Plus, Europeans start to take shape and a look back at Amelie Plante at Athens 2004
After her first competition since winning gymnastics gold and silver at the Rio 2016 Olympic Games, Laurie Hernandez made one thing clear: her return to the sport is totally different than her journey to Brazil four-and-a-half years earlier.
This week in an interview on the ‘Anxious Like You’ podcast, the 20-year-old explained in further detail her evolution in the sport after leaving her longtime coach, Maggie Haney, who is currently serving a five-year suspension for verbal and emotional abuse.
One of the biggest changes comes in how she approaches her physical form and the changes her body has undergone after going through puberty and a two-year hiatus from elite training.
“I wasn’t training for the Olympics anymore, I was eating a lot more freely, my body started to change completely,” said Hernandez. “It did that all in the public eye.”
“I remember telling my coaches I got kind of chubby, and my coach was immediately like, ‘No, no, no… the weight that you have now, you’re actually going to be able to hit the floor and you’re gonna go up. The weight that you have now, if you actually relax, the bars are going to do all the work for you and you’re going to get more skills now. The weight that you have now, you’re going to go higher we just need to turn it into muscle,’” explained Hernandez, who now is coached by Jenny Zhang and Howie Liang.
“They were just constantly re-enforcing this, and every time I would say like ‘I don’t feel good today.’ They’d be like, ‘Yeah, but the weight that you have now, this is why you vault better now than you four years ago,’” she continued. “Every time they’d say that, it was like light bulbs. I needed someone turning them on until I could turn them on myself almost.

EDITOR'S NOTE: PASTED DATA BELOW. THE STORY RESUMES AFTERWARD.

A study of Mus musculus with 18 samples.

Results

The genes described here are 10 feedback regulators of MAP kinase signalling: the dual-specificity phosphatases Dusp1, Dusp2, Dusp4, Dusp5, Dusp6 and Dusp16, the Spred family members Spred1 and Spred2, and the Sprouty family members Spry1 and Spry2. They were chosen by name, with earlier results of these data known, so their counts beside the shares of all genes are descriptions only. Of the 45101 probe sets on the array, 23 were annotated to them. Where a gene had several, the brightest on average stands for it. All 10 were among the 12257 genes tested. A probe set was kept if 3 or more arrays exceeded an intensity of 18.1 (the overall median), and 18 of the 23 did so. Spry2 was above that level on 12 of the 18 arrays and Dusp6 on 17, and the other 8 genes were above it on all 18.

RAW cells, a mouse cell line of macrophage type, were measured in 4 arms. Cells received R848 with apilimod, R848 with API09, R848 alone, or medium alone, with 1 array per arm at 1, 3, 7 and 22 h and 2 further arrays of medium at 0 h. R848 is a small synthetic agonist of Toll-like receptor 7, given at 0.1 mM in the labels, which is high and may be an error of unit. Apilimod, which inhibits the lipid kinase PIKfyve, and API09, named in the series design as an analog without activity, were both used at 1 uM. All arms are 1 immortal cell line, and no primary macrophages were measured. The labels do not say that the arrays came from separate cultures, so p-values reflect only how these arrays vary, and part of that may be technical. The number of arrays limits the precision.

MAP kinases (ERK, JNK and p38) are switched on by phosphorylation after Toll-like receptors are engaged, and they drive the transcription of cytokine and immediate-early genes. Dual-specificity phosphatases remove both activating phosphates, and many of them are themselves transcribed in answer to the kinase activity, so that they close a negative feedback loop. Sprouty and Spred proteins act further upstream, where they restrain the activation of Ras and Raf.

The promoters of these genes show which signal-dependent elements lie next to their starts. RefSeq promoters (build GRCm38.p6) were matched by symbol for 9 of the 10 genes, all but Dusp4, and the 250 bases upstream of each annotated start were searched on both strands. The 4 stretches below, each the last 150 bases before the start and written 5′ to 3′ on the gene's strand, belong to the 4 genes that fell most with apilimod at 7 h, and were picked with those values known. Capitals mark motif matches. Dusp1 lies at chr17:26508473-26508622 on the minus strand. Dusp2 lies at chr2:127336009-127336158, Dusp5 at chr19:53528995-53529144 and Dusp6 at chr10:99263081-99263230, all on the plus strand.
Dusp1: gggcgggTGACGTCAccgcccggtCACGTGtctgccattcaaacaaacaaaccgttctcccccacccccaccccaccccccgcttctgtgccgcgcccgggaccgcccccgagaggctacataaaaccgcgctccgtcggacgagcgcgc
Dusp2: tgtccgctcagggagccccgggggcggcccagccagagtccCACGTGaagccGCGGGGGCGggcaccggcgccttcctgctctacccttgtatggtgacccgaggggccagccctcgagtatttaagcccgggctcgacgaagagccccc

“It was really interesting to look at that because looking back now, they’re absolutely right. Most of the skills I’m doing now are way better than they used to be because I have muscle to work with and I’m hitting the equipment. It’s been really healing.”
She saw that pay off in late February at USA Gymnastics’ Winter Cup where Hernandez finished fifth on the balance beam. Two weeks later, she competed on all four apparatus at U.S. national training camp.
Hernandez is expected to next compete at the U.S. Classic, 22 May in Indianapolis. That event will be the final tune-up prior to the U.S. nationals and Olympic trials.
This week, the European Gymnastics Championships, Europe's Tokyo Olympic Games continental qualifier, began to take shape as European Gymnastics posted the nominative roster.
Though it is subject to change, many big names are expected to compete at the event scheduled for 21-25 April in Basel, Switzerland, including reigning European all-around champion Melanie de Jesus dos Santos (FRA), 2019 World all-around bronze medallist Angelina Melnikova (RUS), 2019 junior world all-around champion Viktoria Listunova (RUS) and 2012 Olympic bronze medallist Larisa Iordache.
On the men's side, Russia's Nikita Nagornyy, the reigning World and European all-around champion, and Artur Dalaloyan, 2018 world all-around champion, highlight the field. Olympic champions Epke Zonderland (NED) and Max Whitlock (GBR) are also expected to compete.
There are four - two for men, two for women - tickets to the Tokyo Olympics up for grabs at the event.
This week, we take a look back at the stellar uneven bars routine of Amelie Plante at Athens 2004. The Canadian earned a 9.475 for her daring routine which included a Def catch and release move.